Filed Under:

Want To Improve Your Lawn? Don't Bag Those Leaves

Play associated audio

Every year, about 8 million tons of fallen leaves end up in landfills.

That's according to Melissa Hopkins of the National Audubon Society, who offers alternatives to raking up leaves and throwing them away.

"A lot of people think that when leaves fall, you need to really quickly scoop them up and get rid of them," she tells NPR's Melissa Block as they take a look Block's backyard in Washington, D.C., covered in a blanket of leaves. "We think about leaves as vitamins. They are free vitamins that naturally occur in your yard."

Hopkins says a way to take advantage of these vitamins is to create natural mulch. She says you can use a mower to shred some of the leaves and spread them across the grass, and then "come spring, you're going to have a healthy lawn," she says.

"One thing you want to keep in mind is that you don't want a really thick layer of leaves anywhere," Hopkins says. "Because sunlight can't get to what's beneath it, and moisture will kill what's underneath."

So, a very thin layer of leaves will do.

"Think about it in moderation," she says. "You want to be able to see the grass with an occasional leaf or leaf cutting around."

The remaining leaves can nourish the trees and shrubs. Rake them up and put them around trees and shrubs in 3- to 6-inch deep piles.

"Leaves in the forest provide about 50 to 80 percent of the nutrients that trees receive," Hopkins says. "No one is going into the forest to clean the leaves. On top of that, leaves protect the levels of moisture that reach the trees and also regulate the soil temperature. So they're like gold for trees."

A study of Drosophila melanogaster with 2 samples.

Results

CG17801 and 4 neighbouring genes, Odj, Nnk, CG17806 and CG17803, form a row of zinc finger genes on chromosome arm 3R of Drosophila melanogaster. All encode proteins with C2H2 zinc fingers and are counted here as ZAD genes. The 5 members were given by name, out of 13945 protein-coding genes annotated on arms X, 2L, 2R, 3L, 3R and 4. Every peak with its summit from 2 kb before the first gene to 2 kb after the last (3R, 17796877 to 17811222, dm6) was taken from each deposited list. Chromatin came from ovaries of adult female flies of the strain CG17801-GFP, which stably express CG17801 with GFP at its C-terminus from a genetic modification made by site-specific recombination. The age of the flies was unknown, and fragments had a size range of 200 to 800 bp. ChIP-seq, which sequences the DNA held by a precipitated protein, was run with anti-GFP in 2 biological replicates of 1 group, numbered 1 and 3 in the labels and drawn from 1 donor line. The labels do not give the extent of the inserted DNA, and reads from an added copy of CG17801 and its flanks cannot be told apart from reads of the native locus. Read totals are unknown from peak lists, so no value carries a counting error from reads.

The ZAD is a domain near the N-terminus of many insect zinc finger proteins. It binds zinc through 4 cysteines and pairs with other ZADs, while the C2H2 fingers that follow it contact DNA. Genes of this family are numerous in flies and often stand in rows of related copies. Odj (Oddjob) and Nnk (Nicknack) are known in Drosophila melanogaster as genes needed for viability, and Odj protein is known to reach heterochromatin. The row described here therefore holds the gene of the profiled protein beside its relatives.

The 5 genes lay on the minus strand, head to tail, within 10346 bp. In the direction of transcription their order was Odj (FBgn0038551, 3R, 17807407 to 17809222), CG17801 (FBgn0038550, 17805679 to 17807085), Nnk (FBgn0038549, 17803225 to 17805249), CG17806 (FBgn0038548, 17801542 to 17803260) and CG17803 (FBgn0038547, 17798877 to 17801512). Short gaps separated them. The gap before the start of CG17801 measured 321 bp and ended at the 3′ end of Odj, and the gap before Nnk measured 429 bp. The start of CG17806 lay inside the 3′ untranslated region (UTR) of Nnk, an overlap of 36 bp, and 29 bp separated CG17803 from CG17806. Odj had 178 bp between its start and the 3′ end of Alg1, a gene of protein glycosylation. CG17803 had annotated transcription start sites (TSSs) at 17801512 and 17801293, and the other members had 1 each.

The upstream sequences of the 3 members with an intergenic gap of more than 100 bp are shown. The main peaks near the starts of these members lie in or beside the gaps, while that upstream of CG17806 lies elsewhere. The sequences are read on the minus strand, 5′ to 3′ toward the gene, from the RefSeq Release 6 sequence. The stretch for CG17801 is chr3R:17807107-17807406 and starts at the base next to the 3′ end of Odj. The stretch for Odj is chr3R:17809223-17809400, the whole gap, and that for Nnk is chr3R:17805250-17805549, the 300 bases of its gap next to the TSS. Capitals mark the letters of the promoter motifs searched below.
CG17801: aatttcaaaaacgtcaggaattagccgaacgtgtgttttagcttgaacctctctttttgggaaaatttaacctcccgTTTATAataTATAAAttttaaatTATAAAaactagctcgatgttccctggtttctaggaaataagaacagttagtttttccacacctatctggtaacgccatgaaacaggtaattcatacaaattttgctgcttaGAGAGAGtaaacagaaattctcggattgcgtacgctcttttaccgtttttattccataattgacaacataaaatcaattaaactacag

After you create the tree and shrub piles, Hopkins suggests putting the remaining leaves in compost bins and stirring them up to circulate everything that's decomposing. For those without compost bins or piles, Hopkins says you can contact the local government to find out if it will compost the leaves for you.

If you put the leaves in a bag, she says, they'll go into a landfill.

For people who struggle with having leaves spread across their lawn, Hopkins offers a new way to look at your lawn.

"Instead of this perfectly manicured, untouchable space, think of it as this living, breathing habitat," she says. "And when you start thinking about it that way, you're going to start seeing that the more that you do stuff like this, the more birds are going to be attracted to your yard, diversity of birds, insects, butterflies. And with this leaf cover, come spring, it's going to go into the ground. So you're going to have your nice green lawn again."

So what's the downside to making the most of the fallen leaves? Not having enough for you — or your kids — to jump into. So jump first, mulch later.

Copyright 2011 National Public Radio. To see more, visit http://www.npr.org/.

NPR

Bonjour, Barbie! An American Icon Packs Her Heels And Heads To France

Some 700 Barbie dolls are visiting Paris this summer. They span almost six decades of pretty, plastic history, including Malibu Barbie, astronaut Barbie, and, of course, Royal Canadian Mountie Barbie.
NPR

Domino's Pizza Tests Drone Delivery In New Zealand

Don't expect the service soon. The head of a drone company told Reuters they have to figure out how to navigate "random hazards like power lines, moving vehicles and children in the backyard playing."
NPR

All Mixed Up: What Do We Call People Of Multiple Backgrounds?

The share of multiracial children in America has multiplied tenfold in the past 50 years. It's a good time to take stock of our shared vocabulary when it comes to describing Americans like me.
WAMU 88.5

A Cyber-Psychologist Explains How Human Behavior Changes Online

Dr. Mary Aiken, a pioneering cyber-psychologist, work inspired the CBS television series "CSI: Cyber". She explains how going online changes our behavior in small and dramatic ways, and what that means for how we think about our relationship with technology.

Leave a Comment

Help keep the conversation civil. Please refer to our Terms of Use and Code of Conduct before posting your comments.